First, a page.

Nearly 800 were trampled to death or drowned in the river when thousands of devotees thronged the 1954 Kumbh Mela. 

Published
India
3 min read
A sea of people at the Kumbh Mela on the day of the tragedy. 

On 3 February 1954, a stampede broke out when scores of devotees thronged the Kumbh Mela in Allahabad (now Prayagraj) to take a holy dip on the auspicious occasion of Mauni Amavasya (new moon). Nearly 800 people were trampled to death or drowned in the river.

As per the initial reports, nearly 500 people were reported dead.
As per the initial reports, nearly 500 people were reported dead.
(Source: Amrita Bazar Patrika/Nehru Memorial Museum & Library)

This information has been recorded by Kama Maclean, Associate Professor of South Asian and World History in Sydney’s UNSW, in her book titled Pilgrimage and Power: The Kumbh Mela in Allahabad from 1776-1954.

What Happened in 1954 Kumbh Stampede & Why Was Nehru Criticised?
(Source: Amrita Bazar Patrika/Nehru Memorial Museum & Library)

Was Nehru At Kumbh Mela? Why Was He Criticised For The Tragedy?

Since it was the first Kumbh after Independence, several politicians had visited the mela (gathering) in 1954, including the then Prime Minister Jawaharlal Nehru and former President Rajendra Prasad.

Nehru meets pilgrims when he visited the Kumbh in 1954.
Nehru meets pilgrims when he visited the Kumbh in 1954.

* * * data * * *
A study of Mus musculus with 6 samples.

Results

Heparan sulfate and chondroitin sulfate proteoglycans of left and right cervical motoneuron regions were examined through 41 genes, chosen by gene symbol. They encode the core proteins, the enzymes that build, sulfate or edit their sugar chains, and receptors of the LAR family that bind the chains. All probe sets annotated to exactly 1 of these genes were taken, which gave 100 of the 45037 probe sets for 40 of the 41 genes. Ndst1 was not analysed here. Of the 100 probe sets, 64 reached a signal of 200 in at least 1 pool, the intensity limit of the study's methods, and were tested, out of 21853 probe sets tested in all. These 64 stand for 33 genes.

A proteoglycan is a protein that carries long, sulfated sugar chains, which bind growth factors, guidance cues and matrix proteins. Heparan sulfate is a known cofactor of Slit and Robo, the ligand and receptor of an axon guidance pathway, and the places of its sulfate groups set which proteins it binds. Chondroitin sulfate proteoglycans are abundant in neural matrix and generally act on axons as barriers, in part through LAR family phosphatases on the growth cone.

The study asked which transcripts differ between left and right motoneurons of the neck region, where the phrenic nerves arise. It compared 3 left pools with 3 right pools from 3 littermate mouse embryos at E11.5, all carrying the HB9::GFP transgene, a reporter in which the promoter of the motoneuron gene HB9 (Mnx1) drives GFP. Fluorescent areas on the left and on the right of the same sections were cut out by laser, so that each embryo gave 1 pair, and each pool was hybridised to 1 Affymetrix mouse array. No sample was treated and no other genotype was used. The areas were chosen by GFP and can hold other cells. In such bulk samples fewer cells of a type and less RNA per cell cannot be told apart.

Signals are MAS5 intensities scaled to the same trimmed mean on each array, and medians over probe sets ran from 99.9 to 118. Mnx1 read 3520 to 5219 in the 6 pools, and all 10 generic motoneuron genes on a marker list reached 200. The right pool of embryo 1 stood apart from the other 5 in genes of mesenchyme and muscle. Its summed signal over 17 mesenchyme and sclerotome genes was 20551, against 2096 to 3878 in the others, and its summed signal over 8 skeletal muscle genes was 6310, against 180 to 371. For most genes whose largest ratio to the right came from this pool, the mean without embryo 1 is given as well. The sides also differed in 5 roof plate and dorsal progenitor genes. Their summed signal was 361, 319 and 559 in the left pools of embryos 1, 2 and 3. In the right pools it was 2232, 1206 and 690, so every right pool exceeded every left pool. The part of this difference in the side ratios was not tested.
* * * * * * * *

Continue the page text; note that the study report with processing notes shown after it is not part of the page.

(Source: Amrita Bazar Patrika/Nehru Memorial Museum & Library)

While Prasad was among the five million pilgrims to have taken a holy dip at the Sangam (a confluence of rivers considered to be sacred), Nehru is said to have been at the Kumbh to monitor the preparations.

According to a Amrita Bazar Patrika report published on 4 February 1954, when Nehru was asked about taking a dip at Sangam, he said, “I had not a holy dip but other dips (sic).” Though the then PM did not take a holy dip at Sangam, he was present at Kumbh when the tragedy occurred.

Nehru reportedly spoke to the media after the incident and said that he was surveying the crowd from the balcony of a fort at around 9:45 am-10:15 am. The incident is said to have occurred at 9:00 am. However, due to the crowd, Nehru couldn’t fathom that something was amiss when the tragedy occurred.

The Nehru-led government was criticised for inadequate safety measures at the mela, and instead, diverting the attention of police officials towards VIPs and prominent personalities.

Parliament records from 1954 quote Nehru as saying in Rajya Sabha:

Jawaharlal Nehru, Former Prime Minister

After the stampede, Nehru also suggested that VIPs and politicians should refrain from visiting the mela.

Moreover, a committee headed by Justice Kamala Kant Varma was set up to initiate a probe into the matter and ensure better management in future melas.

(At The Quint, we are answerable only to our audience. Play an active role in shaping our journalism by becoming a member. Because the truth is worth it.)